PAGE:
Date: Wednesday, Dec. 5, 2012
Time: 10 a.m.
Place: New Jersey Department of Education, 1st floor conference room, 100 River View Plaza, Trenton
What they are doing: The 2011-2012 state test scores and graduation rates will be released at the State Board of Education meeting, laying out how every school and district fared last year. The board will also get a presentation on a recent, somewhat-controversial Stanford University study on the state’s charter schools. The board is also expected to move ahead on several regulatory items, including final approval of new administrative code for charter schools. Public testimony on several items is also planned.
Test scores: The release of schools’ annual test scores is always a source of discussion, with this year likely to be no exception since the Christie administration relies heavily on the numbers to determine its level of oversight for each school. The schools themselves have had the scores for more than a month, but this will be the public’s first view of them.
Graduation rates: The graduation rates for every high school are also expected to spur discussion, since this will be the first time they are using new methodology that seeks to improve the tracking of how many students entering high school ultimately get a diploma. A recent federal report using the same methods put New Jersey’s four-year rate ending in 2011 at about 83 percent, down from the 90-plus percent that is commonly cited and no longer the highest in the nation.
Charter schools, Part 1: The authors of a flattering study on New Jersey’s charter schools are expected to present their findings and take questions from the board. Overall, the report by Stanford’s Center for Research on Education Outcomes (CREDO) found that students attending charter schools in the state fared better than peers in district schools. But looking deeper into the report released last week, the positive numbers largely came form Newark, with charter school students in several other cities doing no better or even worse than their peers. And critics have raised a number of questions about the researchers’ methods. The president of the board, Arcelio Aponte, said yesterday that he’s sure there will be a number of questions from the board, too, both about the success stories and those not so successful.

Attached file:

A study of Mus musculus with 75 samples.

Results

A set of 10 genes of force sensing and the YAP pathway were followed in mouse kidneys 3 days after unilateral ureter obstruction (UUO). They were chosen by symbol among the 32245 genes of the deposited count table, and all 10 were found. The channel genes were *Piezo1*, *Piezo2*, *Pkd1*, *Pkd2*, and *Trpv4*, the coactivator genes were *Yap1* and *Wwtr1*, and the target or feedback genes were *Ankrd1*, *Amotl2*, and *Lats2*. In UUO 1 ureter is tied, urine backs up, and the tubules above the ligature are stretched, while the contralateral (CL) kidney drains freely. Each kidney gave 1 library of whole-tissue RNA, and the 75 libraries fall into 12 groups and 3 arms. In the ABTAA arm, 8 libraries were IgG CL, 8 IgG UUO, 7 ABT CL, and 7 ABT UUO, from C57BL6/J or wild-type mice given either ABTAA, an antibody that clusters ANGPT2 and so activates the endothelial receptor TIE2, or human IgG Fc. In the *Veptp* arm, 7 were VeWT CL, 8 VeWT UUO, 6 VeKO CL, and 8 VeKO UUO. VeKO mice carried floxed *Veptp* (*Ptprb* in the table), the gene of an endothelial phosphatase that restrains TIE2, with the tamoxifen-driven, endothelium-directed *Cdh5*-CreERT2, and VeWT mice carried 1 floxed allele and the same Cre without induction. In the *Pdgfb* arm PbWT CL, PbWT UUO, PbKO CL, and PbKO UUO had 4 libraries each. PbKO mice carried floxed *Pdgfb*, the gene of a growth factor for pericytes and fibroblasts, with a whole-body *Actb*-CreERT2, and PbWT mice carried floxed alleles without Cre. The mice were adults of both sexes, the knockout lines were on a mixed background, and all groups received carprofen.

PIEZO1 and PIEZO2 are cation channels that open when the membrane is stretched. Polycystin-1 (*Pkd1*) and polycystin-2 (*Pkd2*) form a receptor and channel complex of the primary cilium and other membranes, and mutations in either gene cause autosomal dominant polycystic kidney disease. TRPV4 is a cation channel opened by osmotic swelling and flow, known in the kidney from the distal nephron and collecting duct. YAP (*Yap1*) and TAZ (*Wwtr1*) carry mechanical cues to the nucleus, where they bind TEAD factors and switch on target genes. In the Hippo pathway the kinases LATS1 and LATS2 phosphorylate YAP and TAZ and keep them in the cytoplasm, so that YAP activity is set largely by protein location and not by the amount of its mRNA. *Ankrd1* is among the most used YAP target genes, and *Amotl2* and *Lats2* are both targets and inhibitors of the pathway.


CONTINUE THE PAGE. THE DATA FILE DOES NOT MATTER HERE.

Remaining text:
Charter schools, Part 2: The board is expected to finalize new regulations for charter schools that have brought unprecedented public comment, most of it critical. The most contested is language in the regulations that some say would open up the state to virtual or online charter schools. Two have already been approved but are yet to open. The regulations would also allow for the easier expansion of existing charter school networks into other communities.
Other business: The board has a number of other items on its plate, including ongoing action on several regulatory proposals regarding teacher quality, bilingual education, and vocational education. In addition, Aponte said he expected the board would also want to discuss the recently ratified Newark teachers contract, a seminal pact for a district that remains under state – and the state board’s — control.
Public comment: The board will entertain testimony from the public on a number of topics, including much of the administrative code still under review. “It should be quite a long meeting,” Aponte said.